Danielle Elkins: We should come together as Americans, despite our differences
Although Election Day is in the rear view mirror, its aftermath is not.
Social media is explosive with hate, and we’ve seen riots break out in several areas of the United States in protest of Donald Trump’s triumph over rival Hillary Clinton.
Facebook, Instagram and Twitter users alike are spewing insults in every direction, arguing relentlessly over politically charged status updates, tweets and memes. Even worse, some rioters have gone as far as to destroy public property, burn Old Glory and promote violence in the wake of the election.
It’s difficult for me to keep quiet — there’s just too much that I need to say about what I observed on Wednesday morning when scrolling through my Facebook news feed and watching the news while waiting for my coffee to finish brewing.
In just a few minutes of being on Facebook, I read several status updates that offended me personally. For example, one person said he hopes everyone who “voted to make America white again is happy.” Another person said that any woman who voted for Trump is “basically asking to be raped.” Yet another person said that voters for Trump are all, in fact, stupid.
I voted for Donald Trump.
I can assure you that I am not racist, I do not support rape culture and I am not stupid.
We all have our reasons for voting the way we do, and it’s important for us to understand that it does not make a person incompetent if he or she didn’t vote the same way we did.
I can think of several intelligent, respectable people who have been vocal about voting for Clinton in this election, and my opinions of them have not changed based on their decisions to support her. I expect the same respect for myself and other Trump supporters who have behaved politely.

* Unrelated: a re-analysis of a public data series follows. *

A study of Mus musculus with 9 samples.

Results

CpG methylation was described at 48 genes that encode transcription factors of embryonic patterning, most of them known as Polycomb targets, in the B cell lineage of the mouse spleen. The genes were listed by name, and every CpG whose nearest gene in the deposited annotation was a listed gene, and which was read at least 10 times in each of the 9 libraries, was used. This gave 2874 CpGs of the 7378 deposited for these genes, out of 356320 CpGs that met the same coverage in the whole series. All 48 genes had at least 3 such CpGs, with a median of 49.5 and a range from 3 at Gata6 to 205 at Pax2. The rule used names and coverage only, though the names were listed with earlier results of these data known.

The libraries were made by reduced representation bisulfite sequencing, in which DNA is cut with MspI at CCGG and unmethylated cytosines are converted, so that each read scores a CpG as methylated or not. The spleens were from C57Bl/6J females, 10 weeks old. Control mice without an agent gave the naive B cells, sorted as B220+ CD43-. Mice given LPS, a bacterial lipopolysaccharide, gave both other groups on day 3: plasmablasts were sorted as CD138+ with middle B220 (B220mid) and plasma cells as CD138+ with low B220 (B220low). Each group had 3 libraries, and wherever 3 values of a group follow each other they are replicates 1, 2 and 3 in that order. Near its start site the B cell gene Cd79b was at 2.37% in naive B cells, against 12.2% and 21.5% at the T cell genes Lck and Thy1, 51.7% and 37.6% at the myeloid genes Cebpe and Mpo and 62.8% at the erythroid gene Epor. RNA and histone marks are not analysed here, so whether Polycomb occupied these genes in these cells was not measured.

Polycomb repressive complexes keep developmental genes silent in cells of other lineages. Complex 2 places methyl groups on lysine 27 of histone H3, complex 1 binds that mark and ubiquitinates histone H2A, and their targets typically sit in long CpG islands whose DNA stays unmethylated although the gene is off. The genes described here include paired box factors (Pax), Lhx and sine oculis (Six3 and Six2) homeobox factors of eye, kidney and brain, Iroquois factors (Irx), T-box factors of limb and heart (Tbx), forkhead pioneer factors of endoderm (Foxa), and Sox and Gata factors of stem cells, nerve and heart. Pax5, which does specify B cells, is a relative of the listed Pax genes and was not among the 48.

One of the beautiful things about living in this great nation is we have the freedom to openly voice our opinions on matters like politics. We should do so peacefully though, always keeping in mind that cutting down or inciting fear in others because they hold political views that differ from ours is a direct blow to the basic concepts of democracy and free thinking on which this country was founded.
Those who voted for Clinton should absolutely express their concerns, and those who voted for Trump should celebrate — but it should be done with decency and civility.
The 2016 presidential election was a turbulent one for all voters as both our Democratic and Republican candidates had a tremendous amount of controversial media coverage surrounding them. In the aftermath, we should be coming together as Americans, despite our differences in opinion.
To those who are rioting the election outcome: It’s okay to be upset that the candidate you supported didn’t win, but please don’t say that you’re ashamed to be an American; don’t personally attack others just because their opinions differ from yours; don’t destroy your community; don’t cause unnecessary issues for our hard-working police, firefighters and emergency responders; and don’t disrespect our country’s flag. By doing these things, you’re only going to cause more issues and disruption.
There are brave men and women putting their lives on the line every day to defend the American flag and the right of each of us, regardless of political views, to continue living with the freedoms we know as citizens of the United States. So, to say that you’re ashamed of this country or to mistreat its flag is to express a complete lack of respect for the sacrifices that our military personnel make.
We as a country have to move forward. It’s time to back away from the keyboards, trade your use of explicit language for words that your mothers can be proud of, stop throwing temper tantrums, and put our country’s flag back where it belongs.
The people have spoken, and Donald J. Trump is our president-elect. He’s faced with some big responsibilities and, like any president, he needs all the support he can get from the citizens of this great country he’s about to lead. Even if you aren’t pro-Trump, be pro-America.
Regardless of who is president, united we’ll stand or divided we’ll fall.